Esports construction project aims for change in culture and community
Swanson Hall corridor will be transformed into new home of UND Esports
Work will soon get underway on the lower level of Swanson Hall, which, when complete, will be the new home of UND’s North Dakota Varsity Esports team.
The corridor links Swanson Hall with the Memorial Union. It is home to a series of conference rooms and is the former location of the construction office used by staff and crew members during the Memorial Union’s construction. Those rooms, actually one large room divisible by accordion-type doors, will be repurposed, remodeled and repainted to create a permanent home for the esports team.
When construction is completed those accordion doors will be gone, and new walls put in place to separate the location into multiple spaces for the team. Travis Isbell, director of the esports program, said the construction project will completely transform the space where the team will train and compete.
“At a lot of colleges building an esports space, they throw 40 computers in a room and slap some paint on it and maybe do some colorful lighting and call it done,” said Isbell. “We’re trying to say no, esports is important to us. We really appreciate how much passion students have for this — so let’s do it right, and let’s make it something that you can get behind and be proud of.”
At present, the esports team competes in the equipment-filled Nexus, at the UND Wellness Center. Team members also have additional space in the Hyslop Sports Center for practices and team training. Nominally, the Nexus can be used by all UND students who want to play video games on their own, but completing the location in the Swanson Hall corridor will bring the team under one roof, and free up the Nexus for recreational use by other students.
The esports space will be divided into a classroom — a place for athletes to learn and practice, which will also double as a place for visiting teams to compete — and a separate competition space for UND athletes. Rooms along the hallway will be enclosed by a stylized glass wall to give passersby a glimpse into the team’s activities, and Varsity Esports branding will adorn the interior walls.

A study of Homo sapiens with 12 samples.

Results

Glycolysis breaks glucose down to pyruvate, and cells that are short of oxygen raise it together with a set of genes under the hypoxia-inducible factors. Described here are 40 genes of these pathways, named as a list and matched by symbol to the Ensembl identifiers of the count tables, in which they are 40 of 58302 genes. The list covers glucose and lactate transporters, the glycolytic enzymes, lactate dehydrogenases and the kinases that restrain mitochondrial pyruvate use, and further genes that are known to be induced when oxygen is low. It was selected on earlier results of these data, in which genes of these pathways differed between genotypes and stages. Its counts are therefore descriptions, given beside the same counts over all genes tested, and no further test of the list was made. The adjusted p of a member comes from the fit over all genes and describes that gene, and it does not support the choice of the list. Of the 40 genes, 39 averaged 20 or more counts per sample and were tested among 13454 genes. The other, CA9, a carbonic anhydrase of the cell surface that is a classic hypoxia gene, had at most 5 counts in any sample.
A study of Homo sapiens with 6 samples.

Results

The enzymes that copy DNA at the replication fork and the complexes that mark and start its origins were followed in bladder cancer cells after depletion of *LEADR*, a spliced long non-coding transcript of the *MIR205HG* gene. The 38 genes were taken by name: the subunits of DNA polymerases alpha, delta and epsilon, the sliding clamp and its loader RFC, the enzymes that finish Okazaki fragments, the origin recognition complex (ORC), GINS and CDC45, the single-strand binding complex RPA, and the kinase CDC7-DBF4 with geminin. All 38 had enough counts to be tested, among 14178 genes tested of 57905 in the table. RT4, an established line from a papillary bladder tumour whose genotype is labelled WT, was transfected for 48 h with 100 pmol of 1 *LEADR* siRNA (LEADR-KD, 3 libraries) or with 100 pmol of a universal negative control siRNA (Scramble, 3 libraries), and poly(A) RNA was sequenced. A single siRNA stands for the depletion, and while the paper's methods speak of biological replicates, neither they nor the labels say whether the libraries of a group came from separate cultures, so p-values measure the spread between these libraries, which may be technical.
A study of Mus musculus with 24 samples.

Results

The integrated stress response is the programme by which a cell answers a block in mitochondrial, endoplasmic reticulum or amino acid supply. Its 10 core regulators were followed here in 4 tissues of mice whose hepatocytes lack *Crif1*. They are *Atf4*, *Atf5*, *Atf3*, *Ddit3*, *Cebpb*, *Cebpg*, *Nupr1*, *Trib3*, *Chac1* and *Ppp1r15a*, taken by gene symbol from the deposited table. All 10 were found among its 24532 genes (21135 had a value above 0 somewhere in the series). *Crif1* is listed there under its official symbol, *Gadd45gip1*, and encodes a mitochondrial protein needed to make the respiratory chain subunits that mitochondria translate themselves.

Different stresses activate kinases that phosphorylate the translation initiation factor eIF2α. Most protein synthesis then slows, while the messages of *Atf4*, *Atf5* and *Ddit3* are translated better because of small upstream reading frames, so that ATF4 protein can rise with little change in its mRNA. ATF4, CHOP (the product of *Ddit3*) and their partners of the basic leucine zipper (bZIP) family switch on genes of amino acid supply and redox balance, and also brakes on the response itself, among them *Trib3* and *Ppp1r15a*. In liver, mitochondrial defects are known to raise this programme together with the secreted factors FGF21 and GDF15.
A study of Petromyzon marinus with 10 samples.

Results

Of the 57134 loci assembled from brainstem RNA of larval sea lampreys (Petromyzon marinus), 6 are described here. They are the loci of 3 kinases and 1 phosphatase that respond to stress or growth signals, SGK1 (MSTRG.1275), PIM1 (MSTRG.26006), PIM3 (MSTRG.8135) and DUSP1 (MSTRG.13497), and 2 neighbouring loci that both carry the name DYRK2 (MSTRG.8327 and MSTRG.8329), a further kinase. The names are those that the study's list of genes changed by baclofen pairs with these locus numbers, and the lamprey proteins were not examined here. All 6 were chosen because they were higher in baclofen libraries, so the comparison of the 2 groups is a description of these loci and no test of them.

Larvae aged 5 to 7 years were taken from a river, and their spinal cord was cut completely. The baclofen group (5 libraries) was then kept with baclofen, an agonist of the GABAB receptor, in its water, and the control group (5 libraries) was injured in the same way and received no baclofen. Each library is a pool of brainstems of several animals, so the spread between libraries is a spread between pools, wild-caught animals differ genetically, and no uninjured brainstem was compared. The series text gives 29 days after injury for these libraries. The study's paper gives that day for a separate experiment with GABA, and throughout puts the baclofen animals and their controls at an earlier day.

A vending corner will be revamped into a “dry locker room” where athletes can store their gear and grab a drink before heading out to compete. Afterward, athletes can unwind in a lounge space, rehashing the day’s practice or decompressing after a tournament. Isbell says he’ll hang out there during tournaments so he can watch the team’s progress — from a distance.
“Just like in traditional sports, there has to be that separation between players and the coach,” he said, adding: “The coach isn’t in the huddle.”
Eric Link, provost and vice president for academic affairs, said through recreational activities, academic programming and the varsity esports team, UND is working to make esports opportunities available to students and the larger community across Grand Forks, North Dakota and the Northern Plains.
“The construction of this new, state-of-the-art varsity competition space will be an outstanding addition to campus and to the community,” Link said. “It will provide a unique arena for not only UND’s competitive esports athletes, but also a variety of community engagement opportunities and student learning experiences that rival the very best in the nation. And we’ll be doing this right here in Grand Forks, N.D.”
Isbell and Esports Coach Ryan Kraus said they look forward to creating a sense of community for esports players in the region. That means there will be opportunities for local high school students — there are 14 high schools in the region with an esports program, Isbell said — to drop by, take in the culture of the team, and potentially get in front of a recruiter. It also means opportunities for new students and team members to receive mentorship doing something they love.
And it means a gathering space for social events. Kraus said he has heard from numerous students that they don’t have the space to watch professional esports tournaments with friends and classmates. When the project is completed, they can find that gathering space on campus.
And having the Varsity Esports Team in one centralized and remodeled location — Isbell’s and Kraus’s offices are right across the hall — will mean a culture change for the team, an identity as collegiate athletes.
“It will definitely be a culture switch,” Kraus said. “We’re trying to make it more serious, more competitive in nature.”
Brian Larson, director of construction management, said one goal of the project is to make the Swanson Hall corridor an extension of the Memorial Union, including its color scheme, branding and light-colored wood finishes. The door connecting the corridor to the Memorial Union will also be enlarged, for ease of access and a more open, welcoming feeling for those passing through.
Larson said bids for the construction project have been received and are now under review. The project is being designed by Grand Forks-based ICON Architectural Group.
And once the esports facility is complete? “You’ll never forget where you are,” said Larson.